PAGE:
Talking about vaccines with patients can sometimes feel challenging. Extending empathy, sharing your own story, and being honest about potential side effects can be helpful.
“And she’s overdue for several vaccines . . ..” I tried to hide the strain in my voice. As a new pediatrician, I dreaded conversations with parents who were vaccine-hesitant, feeling defeated even before the discussion started. However, I’ve since learned that empathy and being forthcoming of nuances in our recommendations can go a long way in difficult conversations, including on vaccinations.
1. Explain why we vaccinate.
Though “vaccine” has become standard vernacular, families may not understand why they are recommended. Review why younger children are at higher risk. When recommending vaccines, rather than describing them as “15-month vaccines,” or “DTaP and HiB,” explain what diseases they protect against.
2. Share your experience.
Anecdotes are powerful. Families who are hesitant to vaccinate their children often bring up vaccine complications they’ve heard of from friends, family, or on social media. These stories are certainly valid, as are yours. Reflect, what was your vaccination experience? What did you consider as you vaccinated your own children? What have you seen in your practice as complications for children who were unvaccinated?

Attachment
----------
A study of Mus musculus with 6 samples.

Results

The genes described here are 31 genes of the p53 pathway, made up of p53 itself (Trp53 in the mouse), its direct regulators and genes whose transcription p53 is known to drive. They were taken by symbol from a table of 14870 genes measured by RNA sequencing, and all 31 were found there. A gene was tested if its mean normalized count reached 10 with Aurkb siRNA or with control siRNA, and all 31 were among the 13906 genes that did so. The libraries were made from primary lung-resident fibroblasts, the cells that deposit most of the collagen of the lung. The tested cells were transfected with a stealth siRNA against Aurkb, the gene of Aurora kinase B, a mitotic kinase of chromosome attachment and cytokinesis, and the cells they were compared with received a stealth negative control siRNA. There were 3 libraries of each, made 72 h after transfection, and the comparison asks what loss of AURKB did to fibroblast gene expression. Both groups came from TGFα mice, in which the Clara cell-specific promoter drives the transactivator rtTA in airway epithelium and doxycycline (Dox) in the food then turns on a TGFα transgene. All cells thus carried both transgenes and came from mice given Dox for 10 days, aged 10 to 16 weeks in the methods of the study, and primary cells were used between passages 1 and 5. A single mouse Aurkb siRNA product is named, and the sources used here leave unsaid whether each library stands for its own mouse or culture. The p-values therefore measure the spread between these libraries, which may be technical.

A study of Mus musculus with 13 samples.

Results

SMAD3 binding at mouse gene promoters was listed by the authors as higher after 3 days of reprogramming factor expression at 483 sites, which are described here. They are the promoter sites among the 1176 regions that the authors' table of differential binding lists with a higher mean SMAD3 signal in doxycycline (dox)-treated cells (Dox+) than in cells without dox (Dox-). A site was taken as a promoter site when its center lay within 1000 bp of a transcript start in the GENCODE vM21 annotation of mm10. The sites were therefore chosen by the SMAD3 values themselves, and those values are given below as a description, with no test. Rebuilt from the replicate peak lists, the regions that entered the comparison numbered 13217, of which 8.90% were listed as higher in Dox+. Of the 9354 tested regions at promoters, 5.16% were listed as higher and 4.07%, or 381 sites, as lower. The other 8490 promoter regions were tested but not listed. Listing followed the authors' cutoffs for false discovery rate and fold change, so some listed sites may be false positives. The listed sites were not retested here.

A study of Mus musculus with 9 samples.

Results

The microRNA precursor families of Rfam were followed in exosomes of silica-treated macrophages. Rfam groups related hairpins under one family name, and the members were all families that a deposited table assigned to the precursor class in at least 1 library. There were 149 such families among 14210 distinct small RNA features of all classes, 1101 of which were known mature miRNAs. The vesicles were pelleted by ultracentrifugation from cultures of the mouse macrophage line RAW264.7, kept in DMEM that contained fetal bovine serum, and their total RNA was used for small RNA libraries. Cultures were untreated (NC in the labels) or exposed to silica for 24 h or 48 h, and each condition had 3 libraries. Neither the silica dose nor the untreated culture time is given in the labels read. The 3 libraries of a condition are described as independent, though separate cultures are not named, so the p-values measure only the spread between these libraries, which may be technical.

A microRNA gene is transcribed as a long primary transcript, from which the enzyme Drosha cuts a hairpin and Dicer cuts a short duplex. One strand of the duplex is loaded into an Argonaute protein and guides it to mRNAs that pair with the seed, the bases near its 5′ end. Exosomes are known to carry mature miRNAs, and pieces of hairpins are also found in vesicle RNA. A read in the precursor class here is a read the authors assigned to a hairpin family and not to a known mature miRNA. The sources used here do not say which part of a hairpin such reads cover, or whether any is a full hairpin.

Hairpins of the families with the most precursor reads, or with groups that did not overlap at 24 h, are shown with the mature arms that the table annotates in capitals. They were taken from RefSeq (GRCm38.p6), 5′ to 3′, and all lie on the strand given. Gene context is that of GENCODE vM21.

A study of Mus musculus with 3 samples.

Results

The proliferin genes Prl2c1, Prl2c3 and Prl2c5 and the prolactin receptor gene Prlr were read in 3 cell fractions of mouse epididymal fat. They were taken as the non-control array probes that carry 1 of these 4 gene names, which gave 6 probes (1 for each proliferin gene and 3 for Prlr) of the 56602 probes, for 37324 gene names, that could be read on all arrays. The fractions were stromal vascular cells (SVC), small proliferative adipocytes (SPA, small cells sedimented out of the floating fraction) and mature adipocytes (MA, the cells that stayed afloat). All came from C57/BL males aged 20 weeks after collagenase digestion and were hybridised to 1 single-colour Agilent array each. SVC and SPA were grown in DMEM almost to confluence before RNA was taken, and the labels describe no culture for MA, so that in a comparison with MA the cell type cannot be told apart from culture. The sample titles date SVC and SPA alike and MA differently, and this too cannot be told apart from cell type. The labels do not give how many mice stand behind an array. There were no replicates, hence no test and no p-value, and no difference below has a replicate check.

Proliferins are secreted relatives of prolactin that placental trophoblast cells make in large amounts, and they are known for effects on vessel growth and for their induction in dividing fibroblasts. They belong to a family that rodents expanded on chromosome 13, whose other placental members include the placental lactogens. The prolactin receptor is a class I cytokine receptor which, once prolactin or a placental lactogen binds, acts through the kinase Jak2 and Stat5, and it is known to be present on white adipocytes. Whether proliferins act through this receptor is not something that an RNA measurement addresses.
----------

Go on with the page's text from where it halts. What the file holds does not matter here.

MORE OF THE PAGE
3. Educate yourself on common concerns.
The most often cited reasons for vaccine refusal are religious, personal, and safety concerns. Prepare responses to common concerns. In my practice, families often question whether the number of vaccines is safe for their small infant. They’ve also expressed concerns about how the COVID vaccine was approved and about autism as a complication from the MMR vaccine. Families are often reassured to hear that the vaccine schedule has been made intentionally for young children, fascinated by the lengthy review process that vaccines undergo, and surprised to hear that the author of the autism vaccine complication study has since been discredited and revoked of his license.
4. Be honest about the vaccine’s side effects and contraindications.
Some feel that oversharing side effects and rare complications may deter vaccination rates. However, by being open and honest, we show that we have thoughtfully weighed the risks and benefits for their child as an individual.
5. Continue to bring it up.
The conversation doesn’t have to end at the end of the visit. If families are reluctant, offer them more resources that they can read through and offer to continue the discussion at the next visit. By repeatedly bringing up vaccinations, we show the importance of them.
This piece expresses the views solely of the author. It does not necessarily represent the views of any organization, including Johns Hopkins Medicine.